Paul Duchene September 13, 2022 All Feature Vehicles

The second or third most powerful handgun in the world

It’s comforting to see that average muscle cars are affordable again. They were originally aimed at working folks back in 1964, when the Pontiac GTO crammed the biggest engine into the smallest body in which it would fit.

Speculators jumped on board in 2005-2007 and pushed Hemis into seven figures, but it meant little to Joe Public, polishing his 327 ‘67 Camaro on Saturday. He hoped the rising tide would lift all boats, and it wasn’t until October 2008 that it became clear that low tide would strand everything just as readily.

Joe still had his Camaro, and if he didn’t lose his job, he waited for the rebound. He didn’t have $30,000 for a restoration, and he was too busy to do it himself. However, as evidenced by Scottsdale auctions result in January, a number of dealers and speculators did have disposable income in those years. This year they cut their losses, and some excellent second-tier cars sold for reasonable prices.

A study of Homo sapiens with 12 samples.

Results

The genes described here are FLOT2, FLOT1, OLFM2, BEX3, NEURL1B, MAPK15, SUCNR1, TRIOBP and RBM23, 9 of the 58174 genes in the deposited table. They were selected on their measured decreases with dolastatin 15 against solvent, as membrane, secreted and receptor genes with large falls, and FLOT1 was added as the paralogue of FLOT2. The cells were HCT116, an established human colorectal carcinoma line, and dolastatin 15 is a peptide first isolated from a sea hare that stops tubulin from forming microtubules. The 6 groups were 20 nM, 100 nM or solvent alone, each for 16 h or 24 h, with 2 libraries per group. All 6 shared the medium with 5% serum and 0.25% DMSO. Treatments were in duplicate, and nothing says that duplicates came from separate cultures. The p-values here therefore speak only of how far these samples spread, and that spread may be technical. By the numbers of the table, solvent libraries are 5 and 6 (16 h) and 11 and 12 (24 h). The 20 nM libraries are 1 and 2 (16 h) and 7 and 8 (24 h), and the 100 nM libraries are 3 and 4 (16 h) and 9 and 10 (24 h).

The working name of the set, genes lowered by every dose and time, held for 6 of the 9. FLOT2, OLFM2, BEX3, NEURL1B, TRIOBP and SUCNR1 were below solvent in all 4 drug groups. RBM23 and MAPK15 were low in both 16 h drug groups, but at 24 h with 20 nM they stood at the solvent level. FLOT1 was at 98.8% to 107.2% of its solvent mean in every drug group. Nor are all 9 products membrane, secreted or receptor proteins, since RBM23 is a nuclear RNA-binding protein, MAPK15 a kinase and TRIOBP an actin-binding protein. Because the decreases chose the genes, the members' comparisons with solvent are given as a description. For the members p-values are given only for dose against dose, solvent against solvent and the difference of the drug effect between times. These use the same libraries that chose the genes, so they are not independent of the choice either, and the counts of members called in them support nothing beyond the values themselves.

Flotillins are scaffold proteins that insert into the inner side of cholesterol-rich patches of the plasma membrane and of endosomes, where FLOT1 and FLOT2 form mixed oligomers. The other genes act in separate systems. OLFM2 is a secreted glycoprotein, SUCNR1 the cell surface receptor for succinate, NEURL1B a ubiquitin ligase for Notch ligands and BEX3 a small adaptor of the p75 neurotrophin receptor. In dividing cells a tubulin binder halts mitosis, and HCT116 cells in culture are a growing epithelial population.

Barrett-Jackson remains the forum for American Muscle and many of their 1,599 lots sold fell into that category, either as genuine Hemi, COPO or Yenko models, upgraded Tributes (original 318 cars that are now 440 wannabes). Meanwhile Resto-mods on 22-inch dubs looked like 140-pound High School Seniors wearing size 13 Air Jordans, and brought some outlandish sums.

These might not be the best of the best, but the time was right to move them along at the Scottsdale auctions this year. The time is now for great deals on affordable second-tier cars.

I came late to Barrett-Jackson from Bonhams, RM, Gooding and Silver. The first three seldom have muscle cars. Checking the full B-J results after watching a series of Mopar muscle cars cross the block, it was clear that many cars sold for less than the cost of restoration.

For example:

  • 1974 Dodge Charger 360 4-speed Magnum, condition 1, $28,600.
  • 1971 Dodge Challenger R/T 383 auto, condition 2+, $33,000.
  • 1968 Plymouth Road Runner, 383 4-speed, condition 2, $29,700
  • 1970 Dodge Super Bee, 383 auto, condition 2, $33,000
  • 1968 Plymouth GTX, 440 auto, condition 2, $34,100
  • 1972 Plymouth GTX, 440 4-speed, condition 1, one of 219, $46,200

I found these results generally applicable across GM and Ford lots too, apart from the top flight Yenkos, COPOs, Mach Nines, Boss 302s and so on.

Not even the One Percent cars are what they used to be. A matching-numbers 1970 Chevelle SS LS6 454 4-speed convertible in 1- condition sold for $225,500 at RM. By my count, that’s about a third of what it would have brought in the glory days. Perhaps it’s time to go shopping?